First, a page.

A letter from King George VI to his speech therapist has sold at auction for £76,250.
The letter was written at Windsor Castle and was sold with a silver-gilt cigarette case by auctioneers Woolley and Wallis in Salisbury.
The newly-crowned king wrote to Lionel Logue, an Australian speech therapist who had been helping him manage his stutter, five days after his coronation, on 17 May to say: “You know how anxious I was to get my responses right in the abbey, but my mind was finally set at ease tonight. Not a moment’s hesitation or mistake!”
King George VI continued, thanking Logue “not only for your invaluable help with my speech, but for your devoted friendship and encouragement,” and included the cigarette case with his royal cypher as a token of gratitude.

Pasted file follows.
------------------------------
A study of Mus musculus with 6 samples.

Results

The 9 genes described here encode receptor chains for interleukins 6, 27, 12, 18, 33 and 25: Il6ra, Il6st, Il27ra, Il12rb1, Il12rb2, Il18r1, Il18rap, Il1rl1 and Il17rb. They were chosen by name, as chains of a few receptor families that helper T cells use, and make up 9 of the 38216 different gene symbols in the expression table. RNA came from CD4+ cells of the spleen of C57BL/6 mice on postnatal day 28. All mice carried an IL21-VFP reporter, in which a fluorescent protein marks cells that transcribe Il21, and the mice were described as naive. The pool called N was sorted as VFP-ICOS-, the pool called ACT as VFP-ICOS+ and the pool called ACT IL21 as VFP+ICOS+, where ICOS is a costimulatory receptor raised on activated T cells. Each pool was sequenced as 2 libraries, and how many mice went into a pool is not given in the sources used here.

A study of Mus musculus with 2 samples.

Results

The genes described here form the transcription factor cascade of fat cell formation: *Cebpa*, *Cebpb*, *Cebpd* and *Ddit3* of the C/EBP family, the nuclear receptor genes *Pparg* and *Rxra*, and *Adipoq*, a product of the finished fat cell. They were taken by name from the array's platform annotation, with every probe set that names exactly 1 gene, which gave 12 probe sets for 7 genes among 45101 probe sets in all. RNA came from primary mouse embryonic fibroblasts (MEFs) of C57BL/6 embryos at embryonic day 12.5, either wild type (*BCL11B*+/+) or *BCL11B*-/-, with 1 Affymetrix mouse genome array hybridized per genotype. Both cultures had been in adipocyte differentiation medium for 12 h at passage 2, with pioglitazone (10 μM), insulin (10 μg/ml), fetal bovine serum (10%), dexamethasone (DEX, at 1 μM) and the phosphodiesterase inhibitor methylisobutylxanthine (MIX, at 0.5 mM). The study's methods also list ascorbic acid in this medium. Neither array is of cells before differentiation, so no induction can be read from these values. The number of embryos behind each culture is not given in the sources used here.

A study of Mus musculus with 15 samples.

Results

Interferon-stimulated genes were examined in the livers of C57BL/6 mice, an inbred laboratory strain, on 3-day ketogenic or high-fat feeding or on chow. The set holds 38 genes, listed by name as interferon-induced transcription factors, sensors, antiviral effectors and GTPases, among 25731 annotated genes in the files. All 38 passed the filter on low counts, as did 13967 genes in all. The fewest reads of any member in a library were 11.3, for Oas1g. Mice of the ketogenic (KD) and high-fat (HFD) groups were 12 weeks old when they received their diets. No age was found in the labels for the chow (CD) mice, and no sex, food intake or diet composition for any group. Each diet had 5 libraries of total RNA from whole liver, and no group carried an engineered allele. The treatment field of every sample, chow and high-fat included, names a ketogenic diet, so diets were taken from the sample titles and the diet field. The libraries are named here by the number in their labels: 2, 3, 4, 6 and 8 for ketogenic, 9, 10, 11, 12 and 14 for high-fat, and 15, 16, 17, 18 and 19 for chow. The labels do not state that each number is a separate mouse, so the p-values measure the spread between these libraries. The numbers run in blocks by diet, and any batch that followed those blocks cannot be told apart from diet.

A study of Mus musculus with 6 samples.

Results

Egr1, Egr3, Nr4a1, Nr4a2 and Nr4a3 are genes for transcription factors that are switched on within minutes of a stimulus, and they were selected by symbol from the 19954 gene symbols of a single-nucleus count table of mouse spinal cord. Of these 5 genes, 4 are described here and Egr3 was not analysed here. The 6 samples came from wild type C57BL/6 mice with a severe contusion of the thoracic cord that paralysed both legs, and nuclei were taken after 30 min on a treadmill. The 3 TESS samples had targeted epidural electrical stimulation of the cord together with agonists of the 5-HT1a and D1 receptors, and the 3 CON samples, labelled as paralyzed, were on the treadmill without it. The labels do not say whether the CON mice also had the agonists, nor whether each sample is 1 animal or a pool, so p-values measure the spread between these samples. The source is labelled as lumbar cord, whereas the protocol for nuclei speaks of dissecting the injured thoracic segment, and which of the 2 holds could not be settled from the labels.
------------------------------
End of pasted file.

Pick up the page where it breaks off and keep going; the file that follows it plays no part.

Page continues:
The story of King George VI and Lionel Logue was told in the 2010 film The King’s Speech, which may have contributed to the interest in the sale.
“The past few months have seen interest in this lot build and build, and people were even more eager when we were finally able to reschedule the sale date for 23 July,” said Rupert Slingsby, a silver specialist with Woolley and Wallis.
“The story behind the cigarette case and the letter is remarkable, and this is a truly unique item and a fascinating part of the history of the British Royal Family.”
According to Slingsby: “We believe this letter is the only example written to Logue by George VI which has not been retained by the Logue family. When Lionel Logue died in April 1953, both the case and the letter were given to his younger brother, Herbert. In August of the same year, Herbert gave both to an Australian jeweller in lieu of a payment of £27 (about £1,300 today), which was owed for a graduated pearl necklace with a sapphire and diamond clasp.”
The winner was a private buyer in the UK, but other bidders included Prince Alfred College in Adelaide, Australia, where Lionel Logue studied; Wartski Ltd, the London jewellers of The Queen and Prince Charles; and telephone bidders.